A common frustration we hear from manufacturers is that their vacuum impregnation process may seal porosity, but some parts still need to be scrapped due to sealant contamination (Image 1). Most of these manufacturers assume this is normal. The fact is that this is not normal, nor should it be accepted as a typical outcome of the vacuum impregnation process.
Image 1: This feature has excess sealant. The excess sealant will cause quality and assembly issues.
Why is Sealant Contamination a Problem?
There are a number of reasons why sealant contamination is a problem. Excess cured sealant can affect assembly and part quality. Cured sealant found in tapped holes or blind passages can cause assembly issues or prevent fluid flow in oil passages or water channels. Excess cured sealant on a part’s surface can affect secondary operations, such as painting, plating, or machining. Nonfunctional parts are unusable and must be rejected.
How is Sealant Contamination Caused?
During the impregnation process, uncured, liquid sealant is drawn in the part’s porosity. Residual sealant can also remain in openings such as such as oil passages and water channels. This is not a problem, as long as the sealant is properly washed from those openings. If that wash does not happen, or it is inadequate, the sealant will cure to a hard polymer and cause problems in those areas of the casting.
The root cause of this contamination may be one, or a combination, of these failure modes:
- Poor Sealant Control
Sealant control is typically the least impactful failure mode, and is often easy to correct. A common occurrence is that a sealant's chemistry may change, affecting its sealing properties. Excess sealant chemicals are carried into the wash and cure, prohibiting the parts from being properly cleaned and cured.
- Inadequate Process Parameters
Inadequate process parameters are deviations outside an acceptable process range, or parameters that lack the proper steps. Examples include an operator layering parts incorrectly so that features are masked and cannot get thoroughly washed; or water in the wash module not being drained or regulated after use, so water laden with sealant from previous cycles will cause future contamination.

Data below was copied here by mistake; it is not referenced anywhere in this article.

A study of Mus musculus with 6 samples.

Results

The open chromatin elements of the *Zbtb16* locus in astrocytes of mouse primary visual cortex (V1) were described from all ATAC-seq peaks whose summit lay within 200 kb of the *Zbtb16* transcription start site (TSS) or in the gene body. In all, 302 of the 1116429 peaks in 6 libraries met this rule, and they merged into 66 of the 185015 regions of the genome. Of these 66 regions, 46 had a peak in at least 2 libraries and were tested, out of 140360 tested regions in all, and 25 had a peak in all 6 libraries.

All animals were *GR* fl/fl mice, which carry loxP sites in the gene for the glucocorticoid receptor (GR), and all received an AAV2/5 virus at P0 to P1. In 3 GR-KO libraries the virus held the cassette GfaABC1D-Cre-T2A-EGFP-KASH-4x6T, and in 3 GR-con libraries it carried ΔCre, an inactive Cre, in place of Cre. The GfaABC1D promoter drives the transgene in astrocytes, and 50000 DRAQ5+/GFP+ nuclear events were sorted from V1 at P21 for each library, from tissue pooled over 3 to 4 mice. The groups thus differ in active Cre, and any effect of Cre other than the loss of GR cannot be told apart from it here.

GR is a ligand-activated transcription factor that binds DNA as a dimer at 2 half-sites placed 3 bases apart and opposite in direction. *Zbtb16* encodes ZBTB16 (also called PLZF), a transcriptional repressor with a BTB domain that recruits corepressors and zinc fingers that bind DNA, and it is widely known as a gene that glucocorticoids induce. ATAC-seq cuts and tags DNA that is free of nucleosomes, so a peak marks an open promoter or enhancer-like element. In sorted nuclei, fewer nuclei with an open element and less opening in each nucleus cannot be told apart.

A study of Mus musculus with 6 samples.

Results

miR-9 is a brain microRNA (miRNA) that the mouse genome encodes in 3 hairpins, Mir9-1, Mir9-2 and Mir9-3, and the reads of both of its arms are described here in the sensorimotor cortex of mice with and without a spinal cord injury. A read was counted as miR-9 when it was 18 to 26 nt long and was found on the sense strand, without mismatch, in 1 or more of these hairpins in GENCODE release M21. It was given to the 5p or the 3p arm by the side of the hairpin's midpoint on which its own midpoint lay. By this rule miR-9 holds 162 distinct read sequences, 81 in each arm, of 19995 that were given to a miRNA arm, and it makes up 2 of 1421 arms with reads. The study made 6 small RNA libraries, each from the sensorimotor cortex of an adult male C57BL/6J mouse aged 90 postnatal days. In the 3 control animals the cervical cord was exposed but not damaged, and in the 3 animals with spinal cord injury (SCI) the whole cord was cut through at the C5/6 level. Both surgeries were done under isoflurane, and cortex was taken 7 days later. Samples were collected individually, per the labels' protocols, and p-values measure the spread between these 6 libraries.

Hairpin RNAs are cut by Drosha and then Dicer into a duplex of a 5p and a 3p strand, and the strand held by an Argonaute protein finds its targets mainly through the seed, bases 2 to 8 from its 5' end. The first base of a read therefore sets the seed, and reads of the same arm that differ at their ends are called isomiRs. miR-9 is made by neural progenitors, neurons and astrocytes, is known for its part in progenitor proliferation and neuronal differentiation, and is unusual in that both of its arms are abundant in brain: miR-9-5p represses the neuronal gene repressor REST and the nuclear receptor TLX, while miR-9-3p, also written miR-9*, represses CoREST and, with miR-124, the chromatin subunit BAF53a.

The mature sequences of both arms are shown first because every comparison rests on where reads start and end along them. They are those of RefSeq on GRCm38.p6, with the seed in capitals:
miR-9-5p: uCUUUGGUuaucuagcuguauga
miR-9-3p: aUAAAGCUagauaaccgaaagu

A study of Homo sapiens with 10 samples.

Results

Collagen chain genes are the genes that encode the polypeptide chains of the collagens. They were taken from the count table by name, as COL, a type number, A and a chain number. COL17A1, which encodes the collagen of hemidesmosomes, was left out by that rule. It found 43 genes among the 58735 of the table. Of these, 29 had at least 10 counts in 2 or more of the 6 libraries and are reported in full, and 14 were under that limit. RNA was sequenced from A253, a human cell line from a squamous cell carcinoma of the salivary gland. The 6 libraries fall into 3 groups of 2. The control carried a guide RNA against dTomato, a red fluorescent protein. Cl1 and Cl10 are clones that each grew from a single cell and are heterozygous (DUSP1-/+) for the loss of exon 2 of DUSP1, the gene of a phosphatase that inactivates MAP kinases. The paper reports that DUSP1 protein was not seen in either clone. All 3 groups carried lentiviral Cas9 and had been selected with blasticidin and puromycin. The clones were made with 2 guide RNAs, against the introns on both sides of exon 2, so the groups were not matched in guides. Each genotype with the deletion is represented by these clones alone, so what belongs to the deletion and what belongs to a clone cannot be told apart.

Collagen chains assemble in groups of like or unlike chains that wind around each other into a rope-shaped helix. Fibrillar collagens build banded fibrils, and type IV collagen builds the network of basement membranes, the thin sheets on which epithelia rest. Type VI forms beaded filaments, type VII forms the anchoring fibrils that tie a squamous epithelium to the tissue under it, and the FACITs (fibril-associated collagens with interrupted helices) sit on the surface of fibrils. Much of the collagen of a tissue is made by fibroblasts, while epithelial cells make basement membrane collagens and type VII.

- Equipment Design Issues
Equipment design issues are the most prohibitive to change. Once equipment is purchased, changes to its design may be impossible. Examples of equipment design issues include the lack of a centrifuge to remove and recover excess sealant before the wash, or a wash module that passively washes while leaving sealant on parts.
How To Eliminate Sealant Contamination?
To eliminate sealant contamination, one first must determine its cause. For an existing program, a manufacturer should review sealant control, then process parameters, and finally equipment capability (Image 2).
Image 2: Proper fixturing enables sealant to be properly washed from machine features.
For a new vacuum impregnation program, one must be aware of the requirements of the parts to be processed. Each program should be evaluated for equipment, sealant, and process as no two programs are the same.
For example, a manufacturer should not use the same process to seal macro-porosity in powder metal as for micro-porosity in aluminum die casting. The powder metal process uses just a passive wash; a more aggressive wash is needed to remove the sealant from small features in the aluminum casting and decrease the risk of contamination.
This simplified blog provides a better understanding of sealant contamination. It’s a starting place to look for the root cause and identify how to correct it. Sealant contamination does not have to be accepted. By eliminating it, manufacturers can maximize their number of parts in production.